By David Lewandowski
Like many aspiring international development practitioners before me, the study of the field has
raised a two-pronged concern. Not only is the need for economic development so great, but how
can we ensure that projects are designed in a way that positively impacts the lives of those most
in need? For over 75 years the Salesians of Don Bosco, a Catholic Religious Order, have
embedded themselves in some of the poorest communities on earth. Over time they have become
the world’s leading provider in Technical and Vocational Educational Training (TVET), as a
means to help young people break the chains of dire poverty and become self-sufficient,
contributing members of society.
Tucked beside the shoreline in New Rochelle is the development arm of the Salesians that
oversees the procurement, disbursement, and processing of internal and external funding to over
130 Salesian field offices around the globe. Within this office lies a small department: The
Salesian Mission Office for International Programs (SMOIP). Since the Fall I have had the
privilege of learning and participating in the immense work they accomplish.
SMOIP supports Salesians around the globe through partnerships with the U.S. Government and
private-sector organizations, and in-kind support. Primarily, I have worked closely with two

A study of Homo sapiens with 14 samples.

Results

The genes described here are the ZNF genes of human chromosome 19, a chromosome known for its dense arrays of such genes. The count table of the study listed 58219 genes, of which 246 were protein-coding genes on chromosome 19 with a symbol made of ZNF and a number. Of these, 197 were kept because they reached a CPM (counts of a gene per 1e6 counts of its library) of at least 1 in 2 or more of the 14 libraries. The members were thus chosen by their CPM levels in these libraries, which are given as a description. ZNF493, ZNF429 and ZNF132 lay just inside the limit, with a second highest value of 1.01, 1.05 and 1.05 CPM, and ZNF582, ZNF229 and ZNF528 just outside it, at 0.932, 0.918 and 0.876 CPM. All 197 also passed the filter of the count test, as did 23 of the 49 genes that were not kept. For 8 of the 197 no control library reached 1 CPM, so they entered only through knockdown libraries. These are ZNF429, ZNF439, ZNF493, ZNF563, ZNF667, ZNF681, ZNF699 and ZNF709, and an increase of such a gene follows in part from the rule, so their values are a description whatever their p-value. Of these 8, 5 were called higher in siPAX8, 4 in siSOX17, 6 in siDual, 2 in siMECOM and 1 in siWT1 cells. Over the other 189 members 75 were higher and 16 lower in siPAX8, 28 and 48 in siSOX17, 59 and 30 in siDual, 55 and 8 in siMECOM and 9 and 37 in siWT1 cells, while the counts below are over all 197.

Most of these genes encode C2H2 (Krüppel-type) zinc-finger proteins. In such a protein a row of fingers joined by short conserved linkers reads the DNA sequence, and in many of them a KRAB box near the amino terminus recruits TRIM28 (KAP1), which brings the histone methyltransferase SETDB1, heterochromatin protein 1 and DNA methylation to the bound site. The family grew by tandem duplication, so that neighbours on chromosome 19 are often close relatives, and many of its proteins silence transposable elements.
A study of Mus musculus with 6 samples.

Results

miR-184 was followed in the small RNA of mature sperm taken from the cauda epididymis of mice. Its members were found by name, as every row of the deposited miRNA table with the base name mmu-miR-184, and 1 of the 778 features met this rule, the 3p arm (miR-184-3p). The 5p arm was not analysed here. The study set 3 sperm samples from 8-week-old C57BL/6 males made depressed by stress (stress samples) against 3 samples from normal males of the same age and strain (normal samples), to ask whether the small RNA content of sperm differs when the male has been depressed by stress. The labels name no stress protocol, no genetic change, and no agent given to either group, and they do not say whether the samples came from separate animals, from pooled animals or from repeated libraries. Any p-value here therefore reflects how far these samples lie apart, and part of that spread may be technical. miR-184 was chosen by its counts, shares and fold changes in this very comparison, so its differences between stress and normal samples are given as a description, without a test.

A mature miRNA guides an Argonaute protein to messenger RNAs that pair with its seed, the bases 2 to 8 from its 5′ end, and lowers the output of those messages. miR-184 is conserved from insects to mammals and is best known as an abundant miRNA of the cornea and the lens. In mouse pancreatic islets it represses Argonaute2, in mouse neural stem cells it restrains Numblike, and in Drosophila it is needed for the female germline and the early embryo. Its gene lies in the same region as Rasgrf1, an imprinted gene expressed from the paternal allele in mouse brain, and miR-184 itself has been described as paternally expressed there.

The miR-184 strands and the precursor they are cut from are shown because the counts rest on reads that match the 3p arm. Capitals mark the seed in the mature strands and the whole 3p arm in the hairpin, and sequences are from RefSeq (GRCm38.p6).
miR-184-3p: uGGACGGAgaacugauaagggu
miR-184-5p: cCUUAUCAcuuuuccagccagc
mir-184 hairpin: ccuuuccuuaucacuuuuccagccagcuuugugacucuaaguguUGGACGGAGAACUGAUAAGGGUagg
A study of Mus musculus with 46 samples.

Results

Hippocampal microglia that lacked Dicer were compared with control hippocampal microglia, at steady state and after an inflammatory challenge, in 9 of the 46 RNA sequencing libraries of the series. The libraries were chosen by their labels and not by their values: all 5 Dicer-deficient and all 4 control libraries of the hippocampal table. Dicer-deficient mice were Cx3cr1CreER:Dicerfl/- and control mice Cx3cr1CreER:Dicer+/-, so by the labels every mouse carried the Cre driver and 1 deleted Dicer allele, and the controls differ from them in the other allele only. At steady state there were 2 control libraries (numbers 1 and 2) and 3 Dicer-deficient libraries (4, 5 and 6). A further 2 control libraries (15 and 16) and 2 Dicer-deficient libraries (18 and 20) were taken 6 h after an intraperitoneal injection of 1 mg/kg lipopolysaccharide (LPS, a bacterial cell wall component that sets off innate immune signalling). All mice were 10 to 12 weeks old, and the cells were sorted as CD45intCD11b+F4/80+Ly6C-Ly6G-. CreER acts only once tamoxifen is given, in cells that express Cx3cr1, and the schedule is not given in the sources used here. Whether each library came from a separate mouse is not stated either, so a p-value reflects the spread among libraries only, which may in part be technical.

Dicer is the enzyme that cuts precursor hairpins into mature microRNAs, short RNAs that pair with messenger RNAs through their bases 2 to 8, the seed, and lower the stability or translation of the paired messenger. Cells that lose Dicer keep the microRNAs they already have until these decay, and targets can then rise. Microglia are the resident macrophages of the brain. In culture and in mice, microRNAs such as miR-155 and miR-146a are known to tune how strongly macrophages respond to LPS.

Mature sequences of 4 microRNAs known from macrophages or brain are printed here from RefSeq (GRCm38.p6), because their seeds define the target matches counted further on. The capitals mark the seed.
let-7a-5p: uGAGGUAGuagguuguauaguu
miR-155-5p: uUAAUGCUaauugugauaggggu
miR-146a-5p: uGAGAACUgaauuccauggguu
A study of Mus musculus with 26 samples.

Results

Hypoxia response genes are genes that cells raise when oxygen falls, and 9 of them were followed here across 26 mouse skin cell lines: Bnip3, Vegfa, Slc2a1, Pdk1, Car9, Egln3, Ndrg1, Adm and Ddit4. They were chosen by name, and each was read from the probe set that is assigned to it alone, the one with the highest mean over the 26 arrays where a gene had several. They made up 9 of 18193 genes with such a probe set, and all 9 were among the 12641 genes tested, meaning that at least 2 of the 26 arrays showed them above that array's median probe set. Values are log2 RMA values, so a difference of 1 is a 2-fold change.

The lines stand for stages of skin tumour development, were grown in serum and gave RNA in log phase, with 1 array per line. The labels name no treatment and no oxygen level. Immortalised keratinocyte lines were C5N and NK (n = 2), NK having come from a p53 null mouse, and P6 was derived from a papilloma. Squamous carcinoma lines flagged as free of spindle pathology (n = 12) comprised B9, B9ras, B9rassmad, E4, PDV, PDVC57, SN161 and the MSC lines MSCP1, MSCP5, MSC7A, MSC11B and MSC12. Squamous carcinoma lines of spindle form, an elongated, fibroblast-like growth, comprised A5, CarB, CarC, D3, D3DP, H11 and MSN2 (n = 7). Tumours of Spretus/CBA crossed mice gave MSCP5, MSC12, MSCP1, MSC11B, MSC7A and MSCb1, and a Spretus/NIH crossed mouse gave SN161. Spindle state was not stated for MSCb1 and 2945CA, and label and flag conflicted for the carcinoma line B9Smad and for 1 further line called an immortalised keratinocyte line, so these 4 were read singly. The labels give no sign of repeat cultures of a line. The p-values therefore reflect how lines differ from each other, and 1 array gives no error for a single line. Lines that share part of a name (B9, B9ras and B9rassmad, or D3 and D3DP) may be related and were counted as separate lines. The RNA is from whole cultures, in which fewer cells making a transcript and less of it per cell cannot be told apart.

development associates who balance managing a portfolio of ongoing projects worth millions of
dollars, while simultaneously forecasting new funding opportunities to meet the demand of
requests from the field. For example, a current project, funded by the Bureau of Population,
Refugees, and Migrants (PRM) of the US Agency for International Development (USAID),
provides TVET, life skills training, business education, and seed funds to microfinance
entrepreneurial projects for refugees in Egypt. An example of a project I helped apply for with
the USAID subdivision of American Schools and Hospital Abroad (ASHA) seeks funds to
construct a state-of-the-art science center for a Salesian University in the Philippines. Moreover,
I have had the chance to partner with an office in the Democratic Republic of the Congo and take
lead on applying for private grants to fund the procurement and installation of solar panels.
Throughout my time with SMOIP, I have put into practice the skills I have attained with IPED.
Most notably the trio of project management courses I took in the Fall already has paid
dividends. Learning how to use logic models and SMART indicators to measure and ensure the
success of a program is essential when applying for USAID grants. Additionally, I have used the
research skills gained in both economic and political science courses to contribute to gap,
market, health, gender, and risk analyses that are important components of USAID grants.
I am confident the Salesians are doing essential and professional work to empower the most
impoverished around the globe and I could not be happier having had the opportunity to learn
from and contribute to their mission.